On Friday 24 March, ‘Tracks4Crafts’ was launched at Bokrijk. The UAntwerp coordinates a four-year international collaborative project that aims to future-proof classic crafts, such as basket weaving and ceramics, using innovative techniques.
Bert De Munck, professor of history at the UAntwerp, explains how traditional crafts played a major role in the economic and cultural history of Europe. ‘But in an increasingly fast-moving society, the question arises whether there is a future for these crafts. We risk underutilising important know-how. Craft knowledge can play a role in the search for more sustainable forms of production.’
Tracks4Craft aspires to promote the transfer of artisanal knowledge, to create new opportunities for the future and to better acknowledge craftspeople – all this in cooperation with fifteen partners from ten different countries. While Iceland is focusing on knitting and Greece on weaving, Bokrijk will experiment with wicker, a traditional form of wickerwork with organic materials.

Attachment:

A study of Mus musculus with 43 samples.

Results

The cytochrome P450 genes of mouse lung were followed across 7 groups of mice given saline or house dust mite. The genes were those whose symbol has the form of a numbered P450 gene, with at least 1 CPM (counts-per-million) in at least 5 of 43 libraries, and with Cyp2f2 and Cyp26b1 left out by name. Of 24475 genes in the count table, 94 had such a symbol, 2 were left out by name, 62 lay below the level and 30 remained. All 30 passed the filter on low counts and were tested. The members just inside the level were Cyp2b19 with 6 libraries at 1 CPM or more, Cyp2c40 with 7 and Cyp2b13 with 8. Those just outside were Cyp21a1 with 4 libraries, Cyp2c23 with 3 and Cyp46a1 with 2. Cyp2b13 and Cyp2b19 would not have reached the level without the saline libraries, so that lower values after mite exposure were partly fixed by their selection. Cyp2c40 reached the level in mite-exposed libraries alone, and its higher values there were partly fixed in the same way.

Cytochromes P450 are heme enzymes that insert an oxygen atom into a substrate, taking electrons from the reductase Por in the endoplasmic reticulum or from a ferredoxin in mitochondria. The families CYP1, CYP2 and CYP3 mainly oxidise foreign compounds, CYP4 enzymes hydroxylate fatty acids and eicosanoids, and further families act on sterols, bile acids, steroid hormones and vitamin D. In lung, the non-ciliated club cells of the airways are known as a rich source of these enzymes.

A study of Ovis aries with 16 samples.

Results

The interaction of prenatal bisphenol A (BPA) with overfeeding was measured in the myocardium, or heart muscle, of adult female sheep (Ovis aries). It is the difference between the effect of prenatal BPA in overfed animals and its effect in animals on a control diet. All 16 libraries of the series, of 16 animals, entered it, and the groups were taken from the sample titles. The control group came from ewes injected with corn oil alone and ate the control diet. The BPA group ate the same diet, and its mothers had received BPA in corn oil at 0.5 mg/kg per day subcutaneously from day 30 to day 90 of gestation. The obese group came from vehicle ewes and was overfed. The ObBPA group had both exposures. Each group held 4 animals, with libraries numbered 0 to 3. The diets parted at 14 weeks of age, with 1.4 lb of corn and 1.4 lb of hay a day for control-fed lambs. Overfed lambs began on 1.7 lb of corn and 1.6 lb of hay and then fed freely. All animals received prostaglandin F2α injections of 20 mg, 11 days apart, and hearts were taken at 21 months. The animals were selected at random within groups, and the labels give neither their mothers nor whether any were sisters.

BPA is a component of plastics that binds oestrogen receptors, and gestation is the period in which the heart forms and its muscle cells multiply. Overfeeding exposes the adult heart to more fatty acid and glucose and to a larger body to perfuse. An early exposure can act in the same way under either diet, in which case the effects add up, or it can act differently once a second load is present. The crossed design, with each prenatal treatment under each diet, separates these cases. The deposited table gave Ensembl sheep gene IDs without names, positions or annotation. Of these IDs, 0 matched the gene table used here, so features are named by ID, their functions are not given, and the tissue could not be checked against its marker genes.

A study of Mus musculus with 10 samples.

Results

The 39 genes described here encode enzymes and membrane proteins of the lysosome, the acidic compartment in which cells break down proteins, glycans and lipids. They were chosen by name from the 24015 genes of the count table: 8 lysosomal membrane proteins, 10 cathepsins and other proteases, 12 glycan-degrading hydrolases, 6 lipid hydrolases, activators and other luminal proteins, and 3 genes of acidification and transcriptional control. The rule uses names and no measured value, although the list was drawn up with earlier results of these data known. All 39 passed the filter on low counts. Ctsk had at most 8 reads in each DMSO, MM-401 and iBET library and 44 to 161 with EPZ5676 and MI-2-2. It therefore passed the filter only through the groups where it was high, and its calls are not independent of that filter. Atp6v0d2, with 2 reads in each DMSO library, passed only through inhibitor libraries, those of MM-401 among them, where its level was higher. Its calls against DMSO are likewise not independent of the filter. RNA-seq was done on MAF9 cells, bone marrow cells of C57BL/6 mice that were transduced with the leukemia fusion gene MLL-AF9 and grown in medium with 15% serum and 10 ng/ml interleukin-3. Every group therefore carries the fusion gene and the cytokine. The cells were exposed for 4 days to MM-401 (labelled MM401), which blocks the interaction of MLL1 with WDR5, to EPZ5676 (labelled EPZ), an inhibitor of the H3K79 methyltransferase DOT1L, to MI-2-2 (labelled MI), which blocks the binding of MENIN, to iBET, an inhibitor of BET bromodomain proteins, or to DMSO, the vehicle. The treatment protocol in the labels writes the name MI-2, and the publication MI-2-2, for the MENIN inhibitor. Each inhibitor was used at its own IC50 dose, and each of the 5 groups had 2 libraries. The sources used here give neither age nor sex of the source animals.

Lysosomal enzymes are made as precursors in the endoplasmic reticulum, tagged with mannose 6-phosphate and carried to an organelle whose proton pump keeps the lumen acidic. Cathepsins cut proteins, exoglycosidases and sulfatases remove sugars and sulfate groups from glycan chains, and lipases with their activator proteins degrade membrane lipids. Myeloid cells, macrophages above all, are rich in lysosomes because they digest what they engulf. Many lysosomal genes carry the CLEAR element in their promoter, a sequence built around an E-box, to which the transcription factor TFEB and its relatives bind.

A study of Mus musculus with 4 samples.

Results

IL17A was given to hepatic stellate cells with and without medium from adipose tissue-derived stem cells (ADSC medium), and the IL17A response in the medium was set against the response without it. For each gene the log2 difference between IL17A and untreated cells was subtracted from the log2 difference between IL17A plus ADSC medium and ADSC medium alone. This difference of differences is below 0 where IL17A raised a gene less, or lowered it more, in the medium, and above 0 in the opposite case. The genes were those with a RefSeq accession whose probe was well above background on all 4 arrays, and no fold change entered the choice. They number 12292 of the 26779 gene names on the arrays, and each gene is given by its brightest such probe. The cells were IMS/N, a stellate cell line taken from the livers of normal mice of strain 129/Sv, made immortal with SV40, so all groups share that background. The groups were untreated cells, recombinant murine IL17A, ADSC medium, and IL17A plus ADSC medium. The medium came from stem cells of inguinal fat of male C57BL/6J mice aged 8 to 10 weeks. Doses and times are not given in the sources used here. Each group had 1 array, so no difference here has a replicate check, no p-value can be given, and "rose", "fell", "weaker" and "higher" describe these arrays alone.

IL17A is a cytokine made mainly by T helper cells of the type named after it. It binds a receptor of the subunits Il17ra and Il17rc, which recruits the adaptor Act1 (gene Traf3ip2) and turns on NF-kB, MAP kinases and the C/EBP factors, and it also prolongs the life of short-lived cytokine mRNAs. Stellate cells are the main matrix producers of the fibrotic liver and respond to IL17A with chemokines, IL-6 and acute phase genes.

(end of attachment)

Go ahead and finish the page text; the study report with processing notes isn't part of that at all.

Passing crafts on
‘Traditional techniques are still relevant today’, says Hilde Schoefs, curator of the Bokrijk Openluchtmuseum (Open-air Museum). ‘How can we better acknowledge creators? How do we make it easier to pass on crafts to future generations? What role is there for innovative techniques in traditional crafts? Over the next four years, these are issues we will address during this international partnership.’
The four-year project is funded by Horizon Europe, an initiative of the European Commission. By promoting traditional crafts, it aims to help shape European identity while providing a future for our continent’s cultural heritage.